What is ‘love?’ Since the beginning of time, the notion of it has been contested, debated, and deliberated by poets, philosophers, and romantics alike. This abstract emotion has been subject to differing definitions and expectations. Thus, the meaning of love has evolved throughout history. Interestingly, the notion of the term has been defined in the context of differing societies. However, it has always been framed as an absolute higher good which is worthy of obtaining. Therefore, societies have framed the notion of love as reflective of their existing power structures. Interestingly, societies have molded the definition to benefit who they want and oppress who they want. In this article, I explain how the history of the notion of love has both been reflective of, and complicit in, reproducing patriarchy, by focusing on the historical role of it in marriage.
The Ancient Greeks
Romantic love had only really become a thing in the Middle Ages. Prior to this, ‘philia’ or ‘loyal friendship – the love between equals – was considered the most valuable form. However, women were not considered equals; they were not considered capable of loving or worthy of love, as it was an intellectual, higher value. This is because women’s valued role was limited to reproduction. Conclusively, being able to love, was like an exclusive club, representative of oppressive patriarchy where women were considered to be extremely intellectually inferior. Thus, it was used as another way in which women were kept out of different intellectual spheres and ‘othered’ by men.
The belief that women were only really linked to men because of the need for reproduction seems to express the dehumanization of women as ‘baby-makers,’ believing they couldn’t appreciate the love and thus didn’t possess human and intellectually-superior values. Friendship or platonic love was something men only expressed to other men because they only respected men on an intellectual level. It, therefore, seemed that women were there out of necessity, but they saved higher, more meaningful connections (platonic love) for other men. Thus, sex and love were considered two separate things, and marriage and love were two separate things.
Thus, the notion of love was another way in which women were regarded as inferior and unequal in a patriarchy.
Similarly, Confucian ideals formulated love as separate to spousal relationships. “Confucian ideals long discouraged romance between spouses by privileging relationships between men instead. As noted by the late scholar Francis Hsu in his book Under the Ancestors’ Shadow (Columbia University Press, 1948). The strongest relationships were the ones between the men in the family. The disengagement of the husband to the wife was an ideal that was sought after. Love for women was considered weak.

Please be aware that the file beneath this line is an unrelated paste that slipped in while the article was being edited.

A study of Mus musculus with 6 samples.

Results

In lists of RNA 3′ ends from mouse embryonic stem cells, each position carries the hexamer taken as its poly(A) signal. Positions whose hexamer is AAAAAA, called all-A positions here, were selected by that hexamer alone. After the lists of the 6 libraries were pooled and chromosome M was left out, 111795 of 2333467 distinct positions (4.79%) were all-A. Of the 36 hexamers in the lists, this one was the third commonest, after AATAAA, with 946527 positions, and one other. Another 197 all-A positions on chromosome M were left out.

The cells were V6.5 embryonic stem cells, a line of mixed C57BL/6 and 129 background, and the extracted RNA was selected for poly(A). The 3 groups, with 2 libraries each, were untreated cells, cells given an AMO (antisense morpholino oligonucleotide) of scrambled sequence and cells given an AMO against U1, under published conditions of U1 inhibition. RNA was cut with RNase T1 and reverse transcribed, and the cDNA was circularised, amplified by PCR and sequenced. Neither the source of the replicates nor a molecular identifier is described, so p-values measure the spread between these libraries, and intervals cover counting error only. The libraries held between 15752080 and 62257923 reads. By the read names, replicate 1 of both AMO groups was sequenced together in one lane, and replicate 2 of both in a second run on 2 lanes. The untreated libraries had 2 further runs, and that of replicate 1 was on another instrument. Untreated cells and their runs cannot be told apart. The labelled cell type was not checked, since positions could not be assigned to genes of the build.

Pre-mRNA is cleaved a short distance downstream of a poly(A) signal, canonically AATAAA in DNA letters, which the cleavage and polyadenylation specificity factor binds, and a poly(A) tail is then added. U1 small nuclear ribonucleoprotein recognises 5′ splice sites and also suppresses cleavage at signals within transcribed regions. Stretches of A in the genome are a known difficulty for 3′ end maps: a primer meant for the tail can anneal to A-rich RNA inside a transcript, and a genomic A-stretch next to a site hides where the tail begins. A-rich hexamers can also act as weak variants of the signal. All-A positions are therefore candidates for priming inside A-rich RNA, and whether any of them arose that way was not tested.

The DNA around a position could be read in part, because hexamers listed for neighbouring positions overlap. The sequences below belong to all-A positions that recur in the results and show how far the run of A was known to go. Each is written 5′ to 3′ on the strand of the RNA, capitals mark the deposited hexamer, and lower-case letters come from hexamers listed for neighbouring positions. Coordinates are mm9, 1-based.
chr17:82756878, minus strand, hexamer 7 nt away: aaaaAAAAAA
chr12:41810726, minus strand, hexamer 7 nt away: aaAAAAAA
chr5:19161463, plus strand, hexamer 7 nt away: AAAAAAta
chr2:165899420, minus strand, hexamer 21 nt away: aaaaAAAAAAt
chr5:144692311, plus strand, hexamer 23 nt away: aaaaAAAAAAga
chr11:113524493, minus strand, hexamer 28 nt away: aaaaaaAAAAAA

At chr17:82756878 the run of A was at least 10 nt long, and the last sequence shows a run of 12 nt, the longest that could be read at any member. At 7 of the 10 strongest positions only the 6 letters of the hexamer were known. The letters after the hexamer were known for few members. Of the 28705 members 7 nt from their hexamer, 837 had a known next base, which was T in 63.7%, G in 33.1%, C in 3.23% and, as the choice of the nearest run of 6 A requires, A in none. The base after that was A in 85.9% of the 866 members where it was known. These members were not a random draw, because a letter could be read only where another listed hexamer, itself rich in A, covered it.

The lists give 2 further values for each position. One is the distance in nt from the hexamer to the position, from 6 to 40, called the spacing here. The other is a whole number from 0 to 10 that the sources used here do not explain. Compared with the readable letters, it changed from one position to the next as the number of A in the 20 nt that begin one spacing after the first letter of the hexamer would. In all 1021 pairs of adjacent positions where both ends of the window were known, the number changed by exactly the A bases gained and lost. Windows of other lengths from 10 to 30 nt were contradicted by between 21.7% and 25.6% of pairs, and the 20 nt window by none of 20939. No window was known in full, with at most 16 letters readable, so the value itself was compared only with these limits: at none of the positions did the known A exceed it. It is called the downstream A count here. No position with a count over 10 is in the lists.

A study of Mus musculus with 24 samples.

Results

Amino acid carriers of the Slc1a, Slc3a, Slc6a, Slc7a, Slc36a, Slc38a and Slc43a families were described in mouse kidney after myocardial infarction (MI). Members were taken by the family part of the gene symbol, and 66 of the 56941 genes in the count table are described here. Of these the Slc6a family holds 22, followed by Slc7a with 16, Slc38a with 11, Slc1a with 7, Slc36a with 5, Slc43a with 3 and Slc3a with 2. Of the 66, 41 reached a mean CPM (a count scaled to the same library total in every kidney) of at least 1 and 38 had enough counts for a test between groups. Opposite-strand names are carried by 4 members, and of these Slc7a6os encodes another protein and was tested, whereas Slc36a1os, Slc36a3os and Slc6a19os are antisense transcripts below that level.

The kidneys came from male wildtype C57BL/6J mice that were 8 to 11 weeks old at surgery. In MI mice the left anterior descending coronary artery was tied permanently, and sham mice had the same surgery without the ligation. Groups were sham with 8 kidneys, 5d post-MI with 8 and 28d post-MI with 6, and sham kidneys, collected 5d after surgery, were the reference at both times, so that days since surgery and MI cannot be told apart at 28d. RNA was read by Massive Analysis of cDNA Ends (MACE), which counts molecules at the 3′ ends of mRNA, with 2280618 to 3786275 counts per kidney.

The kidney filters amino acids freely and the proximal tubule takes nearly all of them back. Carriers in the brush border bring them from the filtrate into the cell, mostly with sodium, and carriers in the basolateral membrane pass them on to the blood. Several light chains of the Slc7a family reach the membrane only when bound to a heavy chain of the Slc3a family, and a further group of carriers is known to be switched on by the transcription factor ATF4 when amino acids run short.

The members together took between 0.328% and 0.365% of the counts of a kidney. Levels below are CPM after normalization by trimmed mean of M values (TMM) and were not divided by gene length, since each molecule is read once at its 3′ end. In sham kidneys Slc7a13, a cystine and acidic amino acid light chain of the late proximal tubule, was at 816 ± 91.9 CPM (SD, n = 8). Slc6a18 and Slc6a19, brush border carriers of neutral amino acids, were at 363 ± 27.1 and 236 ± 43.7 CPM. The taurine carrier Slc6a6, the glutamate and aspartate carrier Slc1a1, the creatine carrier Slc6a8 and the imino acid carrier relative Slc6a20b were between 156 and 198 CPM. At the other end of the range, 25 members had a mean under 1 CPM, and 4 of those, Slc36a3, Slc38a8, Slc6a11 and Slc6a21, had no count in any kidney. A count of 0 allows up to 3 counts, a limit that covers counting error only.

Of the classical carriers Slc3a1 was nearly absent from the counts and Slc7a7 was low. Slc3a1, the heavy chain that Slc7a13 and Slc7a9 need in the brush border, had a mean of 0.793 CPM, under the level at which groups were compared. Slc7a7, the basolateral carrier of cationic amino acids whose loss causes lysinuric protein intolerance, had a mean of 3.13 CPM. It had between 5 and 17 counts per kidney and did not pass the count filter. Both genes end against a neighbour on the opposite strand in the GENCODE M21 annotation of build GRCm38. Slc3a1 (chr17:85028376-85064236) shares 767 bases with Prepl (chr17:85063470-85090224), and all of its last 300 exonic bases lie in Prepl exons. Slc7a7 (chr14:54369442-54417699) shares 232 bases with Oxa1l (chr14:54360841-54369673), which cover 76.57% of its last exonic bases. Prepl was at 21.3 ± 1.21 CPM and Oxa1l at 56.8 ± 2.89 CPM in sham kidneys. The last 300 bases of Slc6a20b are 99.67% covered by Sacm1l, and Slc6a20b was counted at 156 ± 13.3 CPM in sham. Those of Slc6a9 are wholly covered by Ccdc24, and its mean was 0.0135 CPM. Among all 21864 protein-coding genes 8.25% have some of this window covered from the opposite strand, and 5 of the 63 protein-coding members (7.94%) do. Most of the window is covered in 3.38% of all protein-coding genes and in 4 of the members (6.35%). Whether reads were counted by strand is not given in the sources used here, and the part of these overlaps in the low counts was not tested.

This also emphasizes how Confucian ideals upheld gender hierarchies within families that subjugated women as women were considered necessities for reproduction and to be glorified slaves within families but not allowed to have equal, respectful, loving relationships in their marriage. The disdain towards their wives was symbolic of a patriarchal respect women had to have for their husbands. However, these ideals became less prominent in accordance with the prominence of the communist party in 1949 where arranged marriages were discouraged.
Marriage and Love
There seems to be a trend with marriage being separate to love. Marriage for so long had been a tool to oppress women. Historically, it seemed to be non-existent and irrelevant toward marriage and reproduction. This is obviously not always the case and especially in modern society. Love is intrinsic to marriage and it is a more accessible and free emotion. However, as it became an idealized emotion within a marriage, it was to some extent, still used to maintain gender hierarchies within marriages. This was especially the case when there was an ideal of the suburban housewife and the breadwinner husband. To be a loving wife, seemed to be synonymous with conforming to a subordinate role.
In some cultures and countries, a woman is expected to show her love and devotion to her husband by treating him like a king and acting somewhat like a servant. On the other side of the spectrum, women have been stereotyped as being dependent and needy for love, from young ages dreaming of their perfect husband and their fairy-tale wedding. Thus the need for love has been framed as a necessity for women which propagates their dependency on men and men’s affection. These are some examples, in which it could be argued that the concept has been used as a tool to maintain the patriarchy within a family unit.
Overall, this article only highlights one-sided speculation of how society has historically formulated and advertised love as upholding the patriarchy. All About Love, written by bell hooks, assesses how the patriarchy prevents people from achieving true intrinsic love. It outlines a different angle in which women seem to be lacking love yet are considered by men as the practitioners. True love would entail a sense of equality but as a concept, it has been formulated as reflecting the interests of culture and society.